The Productivity Impact of Moore’s Law

“Computing performance doubles every couple of years” is the popular re-phrasing of Moore’s Law, which describes the 500,000 – fold in crease in the number of transistors on modern computer chips. But what impact has this 50 –
year expansion of the technological frontier of computing had on the productivity of firms?

This paper focuses on the surprise change in chip design in the mid-2000s, when Moore’s Law faltered. No longer could it provide ever-faster processors, but instead it provided multicore ones with stagnant speeds.

Using the asymmetric impacts from the changeover to multicore, this paper shows that firms that were ill-suited to this change because of their software usage were much less advantaged by later improvements from Moore’s Law.
Each standard deviation in this mismatch between firm software and multicore chips cost them 0.5-0.7pp in yearly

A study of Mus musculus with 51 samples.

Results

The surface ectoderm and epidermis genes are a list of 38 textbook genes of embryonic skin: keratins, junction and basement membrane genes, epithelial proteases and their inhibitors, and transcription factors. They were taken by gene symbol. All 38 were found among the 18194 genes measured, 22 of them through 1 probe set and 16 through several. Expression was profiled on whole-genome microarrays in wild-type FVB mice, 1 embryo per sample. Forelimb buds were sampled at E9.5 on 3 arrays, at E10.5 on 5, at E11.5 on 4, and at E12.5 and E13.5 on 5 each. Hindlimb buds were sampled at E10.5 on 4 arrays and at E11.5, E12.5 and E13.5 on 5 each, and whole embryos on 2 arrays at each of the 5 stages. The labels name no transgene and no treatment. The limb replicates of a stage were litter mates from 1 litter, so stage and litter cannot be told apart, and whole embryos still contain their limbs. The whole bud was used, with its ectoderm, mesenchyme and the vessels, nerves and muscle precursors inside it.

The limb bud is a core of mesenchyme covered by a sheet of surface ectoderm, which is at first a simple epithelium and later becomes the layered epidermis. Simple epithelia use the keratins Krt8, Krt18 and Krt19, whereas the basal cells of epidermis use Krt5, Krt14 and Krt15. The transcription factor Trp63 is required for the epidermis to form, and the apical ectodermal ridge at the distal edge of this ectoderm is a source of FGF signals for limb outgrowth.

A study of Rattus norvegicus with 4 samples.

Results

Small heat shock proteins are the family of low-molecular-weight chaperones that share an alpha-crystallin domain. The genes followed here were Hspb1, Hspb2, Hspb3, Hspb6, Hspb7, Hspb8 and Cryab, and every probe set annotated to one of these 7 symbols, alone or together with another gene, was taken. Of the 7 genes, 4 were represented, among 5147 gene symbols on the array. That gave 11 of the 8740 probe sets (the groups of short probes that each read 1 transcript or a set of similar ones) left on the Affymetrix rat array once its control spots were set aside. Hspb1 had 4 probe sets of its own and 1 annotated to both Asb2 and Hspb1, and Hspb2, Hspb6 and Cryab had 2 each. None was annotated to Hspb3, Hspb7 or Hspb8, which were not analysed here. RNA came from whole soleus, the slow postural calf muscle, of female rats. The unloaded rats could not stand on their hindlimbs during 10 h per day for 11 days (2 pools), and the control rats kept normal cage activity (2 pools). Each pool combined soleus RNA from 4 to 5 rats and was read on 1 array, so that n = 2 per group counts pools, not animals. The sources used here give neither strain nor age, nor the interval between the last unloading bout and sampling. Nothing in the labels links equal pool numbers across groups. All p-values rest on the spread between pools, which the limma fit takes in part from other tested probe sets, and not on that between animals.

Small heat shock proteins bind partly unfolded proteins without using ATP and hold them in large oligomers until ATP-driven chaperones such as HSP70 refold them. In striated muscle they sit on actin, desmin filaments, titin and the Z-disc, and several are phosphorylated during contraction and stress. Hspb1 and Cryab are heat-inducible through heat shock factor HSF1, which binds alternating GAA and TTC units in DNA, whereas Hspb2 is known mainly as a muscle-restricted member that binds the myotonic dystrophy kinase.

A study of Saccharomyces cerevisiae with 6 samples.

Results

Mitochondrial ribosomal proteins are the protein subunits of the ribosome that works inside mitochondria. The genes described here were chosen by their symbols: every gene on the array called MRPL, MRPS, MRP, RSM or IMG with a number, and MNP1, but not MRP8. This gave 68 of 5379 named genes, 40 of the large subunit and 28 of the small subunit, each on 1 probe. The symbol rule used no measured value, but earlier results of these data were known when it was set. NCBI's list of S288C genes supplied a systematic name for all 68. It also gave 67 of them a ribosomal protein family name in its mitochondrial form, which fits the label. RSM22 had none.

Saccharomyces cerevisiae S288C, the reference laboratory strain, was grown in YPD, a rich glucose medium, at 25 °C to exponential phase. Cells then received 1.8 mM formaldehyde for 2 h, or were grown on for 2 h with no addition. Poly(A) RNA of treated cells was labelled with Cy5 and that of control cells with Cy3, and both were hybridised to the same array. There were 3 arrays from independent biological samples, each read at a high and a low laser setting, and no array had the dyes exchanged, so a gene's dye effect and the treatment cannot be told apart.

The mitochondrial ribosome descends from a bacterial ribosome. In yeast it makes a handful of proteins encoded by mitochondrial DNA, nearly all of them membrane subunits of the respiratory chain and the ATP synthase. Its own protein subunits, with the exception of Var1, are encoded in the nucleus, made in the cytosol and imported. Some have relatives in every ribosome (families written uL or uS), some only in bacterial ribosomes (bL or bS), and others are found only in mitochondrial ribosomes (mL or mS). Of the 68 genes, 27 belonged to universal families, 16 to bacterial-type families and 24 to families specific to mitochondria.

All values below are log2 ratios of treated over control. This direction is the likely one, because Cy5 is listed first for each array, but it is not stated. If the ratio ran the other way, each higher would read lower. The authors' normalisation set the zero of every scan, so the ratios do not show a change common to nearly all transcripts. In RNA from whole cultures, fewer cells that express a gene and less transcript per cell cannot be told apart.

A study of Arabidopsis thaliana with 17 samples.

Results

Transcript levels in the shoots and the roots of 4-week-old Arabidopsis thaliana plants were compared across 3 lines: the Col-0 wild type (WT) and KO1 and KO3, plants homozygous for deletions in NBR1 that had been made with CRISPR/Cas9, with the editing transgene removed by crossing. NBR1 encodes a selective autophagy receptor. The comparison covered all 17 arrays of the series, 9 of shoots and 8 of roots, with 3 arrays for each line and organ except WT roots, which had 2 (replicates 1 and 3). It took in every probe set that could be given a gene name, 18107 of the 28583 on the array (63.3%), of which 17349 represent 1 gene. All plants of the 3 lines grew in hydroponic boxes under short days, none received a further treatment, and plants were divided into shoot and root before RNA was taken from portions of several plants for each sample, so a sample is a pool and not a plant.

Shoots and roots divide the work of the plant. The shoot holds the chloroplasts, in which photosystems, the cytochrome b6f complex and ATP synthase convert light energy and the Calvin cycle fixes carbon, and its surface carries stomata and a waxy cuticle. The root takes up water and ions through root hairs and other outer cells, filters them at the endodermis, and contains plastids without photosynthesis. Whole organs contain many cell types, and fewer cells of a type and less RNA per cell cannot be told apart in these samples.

total factor productivity growth. These losses are permanent, and without adaptation would reflect a lower long term growth rate for these firms. These findings may help explain larger observed declines in the productivity growth
of users of information technology.

rib Working Paper


After Moore’s Law

The end of Moore’s Law will not mean an end to faster computer applications. But it will mean that performance gains will need to come from the top of the computing stack (software, algorithms, and hardware) rather than from the traditional sources at the bottom of the stack (semiconductor physics and silicon-fabrication technology). In the post-Moore era, performance engineering — restructuring computations to make them run faster — will provide substantial performance gains, but in ways that are qualitatively different from gains due to Moore’s Law. Instead of broad-based improvements on a predictable schedule, gains from performance engineering will be opportunistic, uneven, and sporadic. Tackling performance from the top will produce challenges: software bloat will need to be excised, algorithms will need to be rethought, and hardware will become less general-purpose. Big system components will provide a promising venue for these changes for both technical and economic reasons.